I didn't really plan for it, but the night was a good night for a long walk. I'd first taken a longer route than usual through downtown because I'd wanted a closer look at a major remodel of a building near the KOIN Tower; as I approached, I got reminded of the Hawthorne Bridge near there, thought Why not?, and eventually steered myself towards it. It helps that the Hawthorne Bridge is my favorite Portland bridge to walk across. It's very pedestrian-friendly; it's very human-scaled. And a driver would have to drive very, very badly to wind up risking me or any other walkers or bicyclists, so I feel safer on it than on, for instance, the Ross Island or Morrison Bridges (people have been killed walking on the Morrison).
The weather is dry, for now, and trending towards warmer; I felt hints of that, and that was a small relief. I left the relative noise of downtown behind, and crossed the Hawthorne, where I could look up and see calm sky and look down and see reasonably calm water, along with rowers preparing to practice-race on that water. I could be glad that the effects of Japan's earthquake and tsunami had not reached that stretch of the Willamette. If the effects of the earthquake had reached all the way to that spot 100 miles upstream from the ocean, events would be even more horrifically wrong than they are.
Further walking, and further into relative quiet, past the doctored sign (near the east end of the Hawthorne Bridge) that used to, I think, advertise Pabst Blue Ribbon but has been commandeered by some graffiti artist, who painted both sides white and put on them one-word messages...messages that change every once in a while. One side now says "LAUGH," the other side now says "SMILE."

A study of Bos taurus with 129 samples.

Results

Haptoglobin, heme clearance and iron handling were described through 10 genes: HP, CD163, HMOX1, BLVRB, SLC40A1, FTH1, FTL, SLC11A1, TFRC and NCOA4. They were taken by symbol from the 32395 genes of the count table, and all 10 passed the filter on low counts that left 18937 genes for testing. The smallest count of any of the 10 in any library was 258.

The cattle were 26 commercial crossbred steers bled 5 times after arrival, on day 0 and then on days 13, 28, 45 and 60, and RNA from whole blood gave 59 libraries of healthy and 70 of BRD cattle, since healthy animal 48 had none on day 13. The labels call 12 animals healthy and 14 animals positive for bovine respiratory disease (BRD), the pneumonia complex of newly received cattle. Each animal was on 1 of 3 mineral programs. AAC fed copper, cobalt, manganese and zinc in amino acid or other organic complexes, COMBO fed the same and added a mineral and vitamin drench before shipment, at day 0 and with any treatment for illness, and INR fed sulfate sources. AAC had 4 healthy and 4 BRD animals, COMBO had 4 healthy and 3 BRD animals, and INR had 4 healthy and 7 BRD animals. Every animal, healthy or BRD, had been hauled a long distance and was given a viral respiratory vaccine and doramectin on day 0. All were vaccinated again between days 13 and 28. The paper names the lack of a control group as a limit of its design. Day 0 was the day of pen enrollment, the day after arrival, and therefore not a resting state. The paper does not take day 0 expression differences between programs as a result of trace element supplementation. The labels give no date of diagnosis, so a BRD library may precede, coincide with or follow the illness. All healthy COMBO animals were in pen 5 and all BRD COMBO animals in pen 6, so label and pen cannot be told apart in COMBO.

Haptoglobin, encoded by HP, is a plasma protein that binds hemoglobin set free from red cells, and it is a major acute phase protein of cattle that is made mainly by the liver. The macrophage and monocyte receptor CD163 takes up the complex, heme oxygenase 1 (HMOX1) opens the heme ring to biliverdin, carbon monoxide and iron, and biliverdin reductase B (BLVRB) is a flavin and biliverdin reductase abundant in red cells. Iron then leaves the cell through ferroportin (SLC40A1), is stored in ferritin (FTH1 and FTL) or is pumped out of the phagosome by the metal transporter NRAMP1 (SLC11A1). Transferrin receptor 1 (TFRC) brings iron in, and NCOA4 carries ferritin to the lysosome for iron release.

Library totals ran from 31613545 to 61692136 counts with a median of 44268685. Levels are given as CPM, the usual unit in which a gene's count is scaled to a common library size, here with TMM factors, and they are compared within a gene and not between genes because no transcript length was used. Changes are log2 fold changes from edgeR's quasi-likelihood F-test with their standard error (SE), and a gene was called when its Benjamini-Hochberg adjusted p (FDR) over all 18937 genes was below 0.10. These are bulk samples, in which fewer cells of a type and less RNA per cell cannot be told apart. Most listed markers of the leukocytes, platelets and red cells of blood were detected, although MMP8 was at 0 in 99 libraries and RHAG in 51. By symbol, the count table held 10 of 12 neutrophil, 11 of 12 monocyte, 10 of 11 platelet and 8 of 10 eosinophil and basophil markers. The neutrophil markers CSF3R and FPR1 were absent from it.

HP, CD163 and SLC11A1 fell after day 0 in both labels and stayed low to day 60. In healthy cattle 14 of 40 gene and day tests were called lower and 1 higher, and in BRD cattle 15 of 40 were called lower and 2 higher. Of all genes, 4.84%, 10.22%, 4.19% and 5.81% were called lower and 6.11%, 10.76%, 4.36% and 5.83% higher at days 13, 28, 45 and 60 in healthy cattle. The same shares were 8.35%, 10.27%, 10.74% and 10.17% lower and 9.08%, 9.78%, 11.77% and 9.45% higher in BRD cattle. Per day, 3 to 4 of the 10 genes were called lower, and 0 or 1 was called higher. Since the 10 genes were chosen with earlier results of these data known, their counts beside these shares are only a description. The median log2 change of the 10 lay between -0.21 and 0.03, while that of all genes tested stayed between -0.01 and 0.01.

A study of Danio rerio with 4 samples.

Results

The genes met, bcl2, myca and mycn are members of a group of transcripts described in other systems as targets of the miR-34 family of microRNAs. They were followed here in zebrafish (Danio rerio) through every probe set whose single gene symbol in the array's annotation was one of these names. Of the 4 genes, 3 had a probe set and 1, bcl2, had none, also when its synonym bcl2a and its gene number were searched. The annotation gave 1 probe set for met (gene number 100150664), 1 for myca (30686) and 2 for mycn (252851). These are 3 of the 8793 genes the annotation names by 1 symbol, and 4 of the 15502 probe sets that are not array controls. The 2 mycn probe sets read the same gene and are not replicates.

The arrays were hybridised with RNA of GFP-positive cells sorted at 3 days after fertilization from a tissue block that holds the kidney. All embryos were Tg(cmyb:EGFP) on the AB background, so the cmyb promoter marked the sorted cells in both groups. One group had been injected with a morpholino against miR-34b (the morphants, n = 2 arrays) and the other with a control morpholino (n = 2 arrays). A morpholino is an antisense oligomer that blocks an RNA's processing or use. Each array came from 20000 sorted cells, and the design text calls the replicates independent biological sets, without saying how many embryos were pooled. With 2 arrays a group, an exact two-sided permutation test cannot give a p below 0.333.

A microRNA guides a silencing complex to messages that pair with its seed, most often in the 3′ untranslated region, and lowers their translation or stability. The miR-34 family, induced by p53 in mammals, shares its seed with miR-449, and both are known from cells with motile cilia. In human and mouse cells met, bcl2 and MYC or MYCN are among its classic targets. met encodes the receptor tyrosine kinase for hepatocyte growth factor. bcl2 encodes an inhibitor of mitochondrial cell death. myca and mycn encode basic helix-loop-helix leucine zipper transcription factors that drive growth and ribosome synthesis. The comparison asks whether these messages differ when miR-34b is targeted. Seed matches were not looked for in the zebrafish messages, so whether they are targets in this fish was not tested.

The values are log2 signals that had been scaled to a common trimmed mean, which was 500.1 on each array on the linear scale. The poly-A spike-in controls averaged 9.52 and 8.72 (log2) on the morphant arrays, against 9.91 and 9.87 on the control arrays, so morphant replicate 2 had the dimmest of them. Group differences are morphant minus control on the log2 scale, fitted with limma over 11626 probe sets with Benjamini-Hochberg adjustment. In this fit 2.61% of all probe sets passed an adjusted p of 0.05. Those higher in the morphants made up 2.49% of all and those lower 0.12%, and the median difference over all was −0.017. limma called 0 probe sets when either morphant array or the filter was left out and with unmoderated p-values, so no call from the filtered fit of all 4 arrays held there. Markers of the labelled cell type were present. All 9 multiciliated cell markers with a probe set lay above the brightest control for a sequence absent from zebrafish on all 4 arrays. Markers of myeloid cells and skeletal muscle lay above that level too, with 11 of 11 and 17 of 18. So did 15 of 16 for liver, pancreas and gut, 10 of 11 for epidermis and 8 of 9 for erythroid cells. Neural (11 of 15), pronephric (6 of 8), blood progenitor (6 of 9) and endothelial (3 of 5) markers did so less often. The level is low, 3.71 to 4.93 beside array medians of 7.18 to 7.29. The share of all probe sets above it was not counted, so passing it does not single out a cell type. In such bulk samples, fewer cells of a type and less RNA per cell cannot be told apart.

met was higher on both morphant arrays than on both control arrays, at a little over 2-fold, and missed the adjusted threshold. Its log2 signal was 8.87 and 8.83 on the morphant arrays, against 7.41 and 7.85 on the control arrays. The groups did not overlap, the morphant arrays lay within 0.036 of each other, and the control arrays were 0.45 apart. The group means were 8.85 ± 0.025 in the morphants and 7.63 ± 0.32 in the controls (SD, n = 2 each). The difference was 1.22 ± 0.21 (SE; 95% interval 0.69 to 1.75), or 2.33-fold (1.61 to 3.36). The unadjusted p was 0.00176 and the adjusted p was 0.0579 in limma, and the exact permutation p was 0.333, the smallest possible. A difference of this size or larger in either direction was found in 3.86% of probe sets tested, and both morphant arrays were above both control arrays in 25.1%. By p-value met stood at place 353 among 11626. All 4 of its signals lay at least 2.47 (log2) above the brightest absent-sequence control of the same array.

I walked carefully, as I always try to do. Don't be surprising, don't walk to where you might be vulnerable to a driver not paying attention, be alert ("we need more lerts," as shadesong would say), be safe. Not being in a hurry helped. I sometimes didn't cross at certain crosswalks so as not to hold up drivers who were turning. Try to keep the flow of traffic flowing, to the extent you can affect it. And don't get in the way of trains, because affecting the flow of a train is a BAD idea. (Late in my walk I crossed train tracks a few minutes ahead of an Amtrak train. Those go through my part of SE Portland fast. And earlier in my walk, in downtown, a truck almost blocked the way of a Max train. Got out of the way before the train had to move, but cut it close.)
So I walked, and thought, and processed news and ideas, and burned calories, and got some exercise, and breathed different air than I would have had I gone home my usual way. And now, I can sit guilt-free.